By Michael E. Miller
By Ryan Yousefi
By Kyle Munzenrieder
By Sabrina Rodriguez
By Michael E. Miller
By Carlos Suarez De Jesus
By Luther Campbell
By Kyle Munzenrieder
But in 1970 this whole arrangement was thrown for a loop when the International Brotherhood of Railroad and Steamship Clerks union came to Miami to organize the area's cabbies. The union first set its sights on Yellow Cab, which immediately dug in its heels to fight the effort. "At Yellow, none of us had control over one another A I had my cabs, Les Eisenberg had his, other people had theirs," Zilber explains now. "But because we shared a radio dispatch system, the National Labor Relations Board ruled that we had to let our people vote [on whether to join the union]."
It was, Zilber recalls, a tense time, with cabbies split equally on the issue. The pro-union cabbies called a strike, which angered the anti-union drivers. One night at a Yellow lot on Le Jeune Road, about 100 cabbies gathered and began kicking around the idea of going out and beating up picketers. As Zilber, Eisenberg, and other Yellow owners tried to dissuade the cabbies from violence, a car of strikers pulled into the lot and shot out the tires of a cab. Then a car of nonstriking cabbies rolled in and began shooting; moments later the police showed up and opened fire.
A real melee ensued: Anti-union drivers shooting at pickets; pickets shooting at drivers; and police firing indiscriminantly. "All hell was breaking loose," he says. "I managed to crawl around to the back of the building. By the time it was over, one guy was dead, another wounded. The union got the drivers' vote, but they only lasted a couple of years. Taxi drivers are independent people. They like to do whatever they want, without a boss looking over their shoulder. The union became a boss."
While Zilber ultimately won when the union checked out in 1972, he realized that the cab business was no longer a mere business. It was an industry. And just as unions take an interest in industries, so do governments. Zilber wanted neither in his realm. So in 1972 he helped found the South Florida Taxicab Association, a permit-owners' trade group that lobbied to keep the cabs free from county regulation. While Zilber had proved himself adept at business, lobbying was new to him, so he retained the services of his friend Steve Ross.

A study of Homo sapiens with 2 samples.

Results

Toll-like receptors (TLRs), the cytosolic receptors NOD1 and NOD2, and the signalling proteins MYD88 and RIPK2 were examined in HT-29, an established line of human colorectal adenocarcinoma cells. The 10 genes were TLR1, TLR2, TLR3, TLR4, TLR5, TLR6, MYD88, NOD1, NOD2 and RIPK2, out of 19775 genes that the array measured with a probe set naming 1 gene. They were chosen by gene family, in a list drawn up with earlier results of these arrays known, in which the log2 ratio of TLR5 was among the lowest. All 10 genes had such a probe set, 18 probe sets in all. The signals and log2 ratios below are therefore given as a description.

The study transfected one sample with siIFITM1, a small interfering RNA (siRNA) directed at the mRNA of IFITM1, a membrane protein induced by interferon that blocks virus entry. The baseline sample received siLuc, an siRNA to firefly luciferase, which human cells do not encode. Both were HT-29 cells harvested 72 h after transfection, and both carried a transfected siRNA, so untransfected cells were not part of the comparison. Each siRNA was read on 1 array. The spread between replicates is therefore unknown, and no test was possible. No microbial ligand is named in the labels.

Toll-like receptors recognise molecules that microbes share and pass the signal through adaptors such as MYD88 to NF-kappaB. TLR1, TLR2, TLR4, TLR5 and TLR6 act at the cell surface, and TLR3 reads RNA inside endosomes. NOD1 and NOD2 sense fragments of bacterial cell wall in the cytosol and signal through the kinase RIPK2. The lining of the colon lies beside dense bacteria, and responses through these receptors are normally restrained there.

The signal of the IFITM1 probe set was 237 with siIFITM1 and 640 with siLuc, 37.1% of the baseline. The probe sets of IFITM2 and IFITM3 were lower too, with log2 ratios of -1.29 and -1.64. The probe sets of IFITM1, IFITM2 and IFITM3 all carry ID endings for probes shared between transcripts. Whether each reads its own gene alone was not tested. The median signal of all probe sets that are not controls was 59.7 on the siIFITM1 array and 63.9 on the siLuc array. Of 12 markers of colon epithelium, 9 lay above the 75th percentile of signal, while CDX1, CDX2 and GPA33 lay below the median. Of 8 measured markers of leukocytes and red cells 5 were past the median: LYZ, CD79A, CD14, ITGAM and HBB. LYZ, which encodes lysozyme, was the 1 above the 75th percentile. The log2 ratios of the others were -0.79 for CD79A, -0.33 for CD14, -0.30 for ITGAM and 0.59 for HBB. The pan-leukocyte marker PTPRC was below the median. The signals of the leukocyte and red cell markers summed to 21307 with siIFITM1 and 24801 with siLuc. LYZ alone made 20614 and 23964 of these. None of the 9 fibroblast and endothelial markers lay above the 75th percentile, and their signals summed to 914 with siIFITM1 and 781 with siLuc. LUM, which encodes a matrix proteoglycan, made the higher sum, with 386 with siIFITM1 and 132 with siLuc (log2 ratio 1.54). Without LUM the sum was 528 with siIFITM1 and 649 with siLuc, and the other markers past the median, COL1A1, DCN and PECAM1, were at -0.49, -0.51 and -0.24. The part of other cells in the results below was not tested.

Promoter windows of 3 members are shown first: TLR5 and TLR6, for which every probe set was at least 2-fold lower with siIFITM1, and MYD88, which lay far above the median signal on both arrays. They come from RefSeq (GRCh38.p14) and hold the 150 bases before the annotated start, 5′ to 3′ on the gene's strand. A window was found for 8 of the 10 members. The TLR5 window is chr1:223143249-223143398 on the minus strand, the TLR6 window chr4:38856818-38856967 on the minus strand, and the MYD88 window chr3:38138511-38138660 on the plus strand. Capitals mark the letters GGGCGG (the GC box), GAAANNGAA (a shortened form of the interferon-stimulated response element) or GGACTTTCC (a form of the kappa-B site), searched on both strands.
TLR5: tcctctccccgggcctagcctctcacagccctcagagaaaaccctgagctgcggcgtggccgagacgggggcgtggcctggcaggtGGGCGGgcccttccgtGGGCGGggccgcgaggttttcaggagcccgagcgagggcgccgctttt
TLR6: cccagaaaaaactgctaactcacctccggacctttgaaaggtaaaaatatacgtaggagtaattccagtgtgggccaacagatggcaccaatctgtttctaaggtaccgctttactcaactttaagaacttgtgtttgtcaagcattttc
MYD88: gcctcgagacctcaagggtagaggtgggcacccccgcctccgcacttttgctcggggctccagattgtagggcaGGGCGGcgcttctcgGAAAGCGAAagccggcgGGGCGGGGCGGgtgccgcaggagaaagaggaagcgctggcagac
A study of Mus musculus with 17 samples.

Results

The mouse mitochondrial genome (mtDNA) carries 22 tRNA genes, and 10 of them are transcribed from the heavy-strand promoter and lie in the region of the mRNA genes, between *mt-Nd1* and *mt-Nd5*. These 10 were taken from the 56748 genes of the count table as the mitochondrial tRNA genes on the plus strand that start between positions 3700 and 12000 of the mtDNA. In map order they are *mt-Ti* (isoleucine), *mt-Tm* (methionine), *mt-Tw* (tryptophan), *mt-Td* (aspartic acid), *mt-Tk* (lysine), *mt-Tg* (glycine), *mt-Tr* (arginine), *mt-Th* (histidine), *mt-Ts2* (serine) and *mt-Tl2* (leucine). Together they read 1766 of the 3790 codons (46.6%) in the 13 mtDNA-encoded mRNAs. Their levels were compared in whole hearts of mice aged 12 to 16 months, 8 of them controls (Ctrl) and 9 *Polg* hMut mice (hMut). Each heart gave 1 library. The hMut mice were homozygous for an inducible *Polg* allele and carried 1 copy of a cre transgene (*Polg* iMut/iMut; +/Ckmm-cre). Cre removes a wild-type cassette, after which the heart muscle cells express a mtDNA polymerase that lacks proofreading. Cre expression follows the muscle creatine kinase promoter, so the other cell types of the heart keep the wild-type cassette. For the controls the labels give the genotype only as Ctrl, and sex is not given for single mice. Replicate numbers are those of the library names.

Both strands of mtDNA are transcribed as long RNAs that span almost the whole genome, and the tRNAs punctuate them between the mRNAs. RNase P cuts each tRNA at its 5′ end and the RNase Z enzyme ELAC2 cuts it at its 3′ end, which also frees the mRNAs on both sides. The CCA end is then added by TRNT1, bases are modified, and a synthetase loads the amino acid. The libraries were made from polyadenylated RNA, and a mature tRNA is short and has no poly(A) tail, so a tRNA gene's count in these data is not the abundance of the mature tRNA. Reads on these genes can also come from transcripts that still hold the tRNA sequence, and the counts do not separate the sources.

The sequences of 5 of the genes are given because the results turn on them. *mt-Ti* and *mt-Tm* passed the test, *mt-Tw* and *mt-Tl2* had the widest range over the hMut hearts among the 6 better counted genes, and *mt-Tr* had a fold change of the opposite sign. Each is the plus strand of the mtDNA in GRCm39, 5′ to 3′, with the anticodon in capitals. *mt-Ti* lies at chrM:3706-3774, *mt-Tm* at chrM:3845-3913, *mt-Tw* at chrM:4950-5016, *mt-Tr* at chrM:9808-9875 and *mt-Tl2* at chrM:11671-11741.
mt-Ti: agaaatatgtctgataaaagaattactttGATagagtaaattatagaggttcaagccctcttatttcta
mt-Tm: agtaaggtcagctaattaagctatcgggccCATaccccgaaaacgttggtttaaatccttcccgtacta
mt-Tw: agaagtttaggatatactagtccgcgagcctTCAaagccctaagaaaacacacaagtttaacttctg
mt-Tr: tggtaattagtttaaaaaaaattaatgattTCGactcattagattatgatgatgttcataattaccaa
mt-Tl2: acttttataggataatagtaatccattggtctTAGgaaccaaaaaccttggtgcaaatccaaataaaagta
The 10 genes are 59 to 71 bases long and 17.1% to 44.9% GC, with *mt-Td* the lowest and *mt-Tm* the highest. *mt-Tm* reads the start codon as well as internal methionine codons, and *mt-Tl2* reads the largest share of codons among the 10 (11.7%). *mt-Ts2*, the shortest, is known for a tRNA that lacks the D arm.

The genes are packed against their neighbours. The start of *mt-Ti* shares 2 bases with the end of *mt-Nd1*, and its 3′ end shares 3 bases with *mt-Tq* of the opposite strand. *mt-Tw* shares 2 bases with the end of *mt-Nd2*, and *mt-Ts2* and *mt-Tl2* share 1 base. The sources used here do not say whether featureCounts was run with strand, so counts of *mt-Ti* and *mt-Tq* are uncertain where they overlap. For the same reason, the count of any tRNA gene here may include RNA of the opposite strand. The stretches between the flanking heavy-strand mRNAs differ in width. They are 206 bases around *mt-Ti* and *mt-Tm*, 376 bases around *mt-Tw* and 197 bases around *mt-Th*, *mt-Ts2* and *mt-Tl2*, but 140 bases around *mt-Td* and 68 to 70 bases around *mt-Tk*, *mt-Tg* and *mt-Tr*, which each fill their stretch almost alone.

"I guess you could say he taught me how to lobby, which to me is getting to know people and selling your point of view," observes Zilber. "I've always had an ability to get along with people, and my size never hurt -- people don't forget me."
Ross and Zilber went about pressing the flesh with Tallahassee legislators, and in 1975 the Florida legislature passed a law that forbade counties from taking over individual cities' taxi regulation. However, the counties still wielded the authority to regulate the taxi business in unincorporated areas. As a result, Dade County begin to issue permits in such areas for about $250 A peanuts compared to the $19,000 a Miami permit cost then. About this time, Zilber acquired Morse Taxi, whose cabs covered the municipalities of Surfside, Bal Harbour, and Bay Harbor Islands; he also snatched up 50 Dade County permits after the Broward-based Yellow Cab of Hollywood decided to cease business in Dade County and operate exclusively in Broward.
"So now I have these 50 Dade County permits and no idea what to do with them," Zilber says. "For about two to three months, I just kept 'em." Then something occurred to Zilber: Every cab operating out of Miami International Airport had its permit issued by the City of Miami. The airport, however, sat on ground in unincorporated Dade just outside city limits. Zilber figured, why not put the 50 county permits -- which cost next to nothing -- at the airport, and redeploy the city permit cabs downtown? It was virtually money for nothing. By relocating the pricier Miami permit cabs to the city, he could outnumber the competition, while the cheap county cabs would rake in regular, lucrative fares from the airport.
"So I went to the Segal brothers [Stanley, Norton, and Bill], who had the airport contract and who leased [the contract] to Yellow, and said, 'I'm gonna change cabs, any problems?'" relates Zilber. "They said, 'No legal problems but the drivers will go crazy. Do what you want.'" He did. And the drivers went crazy, with owners and drivers crying foul because Zilber was creating more competition. Some threatened legal action, citing unfair competition. Others threatened bodily harm. "The first county cab we put at the airport had its windshield smashed and tires slashed," Zilber notes. But he went ahead with his scheme anyway, and within a month he had an additional 38 cabs cruising downtown Miami, plus 38 cabs at the airport. Other owners followed suit, and within weeks a $250 county permit was fetching $4000.
As the Seventies drew to a close, Zilber seemed to have it all: city licenses, county licenses, multiple cab companies, top-flight lobbyists, and the presidencies of Yellow Cab and the South Florida Taxi Association. His son was off in Gainesville at the University of Florida, while he was living a comfortable life with his wife Linda in a spacious Bay Harbor Islands home. He was, however, spending more time out of town: His no-holds-barred approach to business had drawn the attention of many others in the nation's cab industry, and in 1981 he was elected president of the International Taxicab and Livery Drivers Association (ITLDA), a job that forced him to spend time lobbying in Washington, D.C.